Tension mounts over rural closure plans

17th June 2011 at 01:00

Unease between the Scottish Government and local authority bosses is growing after a council bowed to pressure from Education Secretary Michael Russell and put school closure plans on hold.

Argyll and Bute Council this week halted moves to shut 11 schools, a fortnight after Mr Russell - also the local MSP - announced a year-long moratorium on closures throughout Scotland.

But the authority insists that it does not support the moratorium, explaining that its decision was based on Mr Russell's description of legislation as "defective".

Council leader Dick Walsh said: "It is not appropriate for the council to continue working under legislation which the Education Secretary himself believes to be flawed and not fit for purpose."

Argyll and Bute Council should be represented on a new commission to examine the Schools (Consultation) (Scotland) Act 2010, Mr Walsh argued, since his authority had the most recent and extensive experience of working with the legislation.

The council's change of plan emerged after Cosla, the local authorities umbrella body, rejected Mr Russell's call for a moratorium until June 2012.

Cosla president Pat Watters praised the Argyll and Bute response: "There is no way this can be described as agreeing to a moratorium; what it does show is the intolerable pressure that can be brought to bear on a local council when a senior cabinet secretary chooses to deal with what should always have been a national discussion, with reference to his own constituency's local council."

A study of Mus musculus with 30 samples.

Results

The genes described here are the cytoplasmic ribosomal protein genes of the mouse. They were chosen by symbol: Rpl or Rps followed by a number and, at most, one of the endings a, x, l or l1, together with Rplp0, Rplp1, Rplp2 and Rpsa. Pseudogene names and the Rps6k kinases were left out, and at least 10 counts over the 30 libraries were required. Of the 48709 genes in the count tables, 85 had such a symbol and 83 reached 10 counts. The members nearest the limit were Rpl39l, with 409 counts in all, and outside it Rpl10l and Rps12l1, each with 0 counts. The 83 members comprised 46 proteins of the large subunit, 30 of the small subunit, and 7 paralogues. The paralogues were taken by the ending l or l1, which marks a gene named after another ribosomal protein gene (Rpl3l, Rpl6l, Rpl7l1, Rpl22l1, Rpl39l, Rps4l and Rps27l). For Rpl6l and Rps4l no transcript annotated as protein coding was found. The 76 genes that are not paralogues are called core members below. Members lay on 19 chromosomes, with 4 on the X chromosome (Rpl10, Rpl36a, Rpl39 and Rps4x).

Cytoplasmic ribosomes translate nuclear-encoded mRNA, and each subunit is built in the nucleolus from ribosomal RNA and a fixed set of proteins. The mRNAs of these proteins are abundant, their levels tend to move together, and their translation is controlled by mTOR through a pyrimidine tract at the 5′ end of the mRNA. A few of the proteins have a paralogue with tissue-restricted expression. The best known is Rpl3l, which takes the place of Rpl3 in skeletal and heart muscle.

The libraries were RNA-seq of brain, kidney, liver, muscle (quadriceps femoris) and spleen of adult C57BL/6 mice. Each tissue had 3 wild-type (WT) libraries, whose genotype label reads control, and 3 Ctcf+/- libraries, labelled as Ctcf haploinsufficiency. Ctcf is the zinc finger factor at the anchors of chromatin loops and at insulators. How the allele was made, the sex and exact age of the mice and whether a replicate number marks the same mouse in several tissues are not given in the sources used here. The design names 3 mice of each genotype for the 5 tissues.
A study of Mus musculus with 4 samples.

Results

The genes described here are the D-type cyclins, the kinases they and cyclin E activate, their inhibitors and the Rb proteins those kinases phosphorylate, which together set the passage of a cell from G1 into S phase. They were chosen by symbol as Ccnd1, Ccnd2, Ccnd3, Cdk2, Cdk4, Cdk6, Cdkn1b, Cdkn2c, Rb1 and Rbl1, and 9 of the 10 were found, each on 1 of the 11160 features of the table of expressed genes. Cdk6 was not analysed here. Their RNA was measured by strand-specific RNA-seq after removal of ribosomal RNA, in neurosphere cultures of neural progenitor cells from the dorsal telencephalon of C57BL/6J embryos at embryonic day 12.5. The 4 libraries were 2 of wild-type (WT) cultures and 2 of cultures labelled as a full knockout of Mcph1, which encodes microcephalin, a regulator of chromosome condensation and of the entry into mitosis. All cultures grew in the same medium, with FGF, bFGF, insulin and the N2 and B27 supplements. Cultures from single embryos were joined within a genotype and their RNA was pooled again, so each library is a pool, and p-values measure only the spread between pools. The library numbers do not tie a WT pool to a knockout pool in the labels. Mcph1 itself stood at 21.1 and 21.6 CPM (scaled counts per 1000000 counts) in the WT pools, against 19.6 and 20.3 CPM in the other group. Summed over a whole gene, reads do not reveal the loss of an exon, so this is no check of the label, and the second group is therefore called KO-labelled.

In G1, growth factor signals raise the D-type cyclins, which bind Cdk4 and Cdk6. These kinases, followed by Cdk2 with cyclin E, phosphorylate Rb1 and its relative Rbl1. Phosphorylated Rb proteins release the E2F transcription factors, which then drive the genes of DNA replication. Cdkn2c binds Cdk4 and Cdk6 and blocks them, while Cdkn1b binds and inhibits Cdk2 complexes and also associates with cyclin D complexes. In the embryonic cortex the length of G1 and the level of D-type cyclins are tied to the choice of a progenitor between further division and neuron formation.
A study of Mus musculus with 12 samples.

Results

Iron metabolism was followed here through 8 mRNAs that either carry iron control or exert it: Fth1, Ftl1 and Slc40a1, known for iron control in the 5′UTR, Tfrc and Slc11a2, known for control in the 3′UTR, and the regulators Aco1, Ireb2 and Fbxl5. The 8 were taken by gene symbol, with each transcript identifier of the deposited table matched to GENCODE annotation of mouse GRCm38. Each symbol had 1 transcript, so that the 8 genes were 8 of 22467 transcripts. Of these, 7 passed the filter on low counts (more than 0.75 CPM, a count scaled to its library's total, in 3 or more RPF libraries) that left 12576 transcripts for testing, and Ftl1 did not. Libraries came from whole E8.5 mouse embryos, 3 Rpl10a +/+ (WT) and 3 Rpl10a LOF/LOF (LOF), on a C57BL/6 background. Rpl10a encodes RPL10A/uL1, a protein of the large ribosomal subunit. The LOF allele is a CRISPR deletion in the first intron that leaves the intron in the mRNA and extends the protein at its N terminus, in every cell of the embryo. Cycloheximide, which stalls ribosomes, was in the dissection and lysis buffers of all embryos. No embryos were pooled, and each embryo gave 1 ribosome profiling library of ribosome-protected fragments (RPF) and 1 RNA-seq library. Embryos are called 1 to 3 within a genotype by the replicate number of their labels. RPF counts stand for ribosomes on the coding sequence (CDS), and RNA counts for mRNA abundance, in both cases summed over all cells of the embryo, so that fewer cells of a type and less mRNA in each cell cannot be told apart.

Argyll and Bute, which will still close two schools that have no pupils, was in Councillor Watters' view "absolutely right not to continue down a road in which they would be accused of working under legislation which the Education Secretary asserts to be flawed and not fit for purpose".

A Scottish Government spokesman described the Argyll and Bute decision as "a win-win scenario for parents and the council".

He said the proposals had been welcomed by all sides of the Scottish Parliament and endorsed by other local authorities, including East Ayrshire and East Lothian, adding that the Government wanted to be "fully engaged" with Cosla.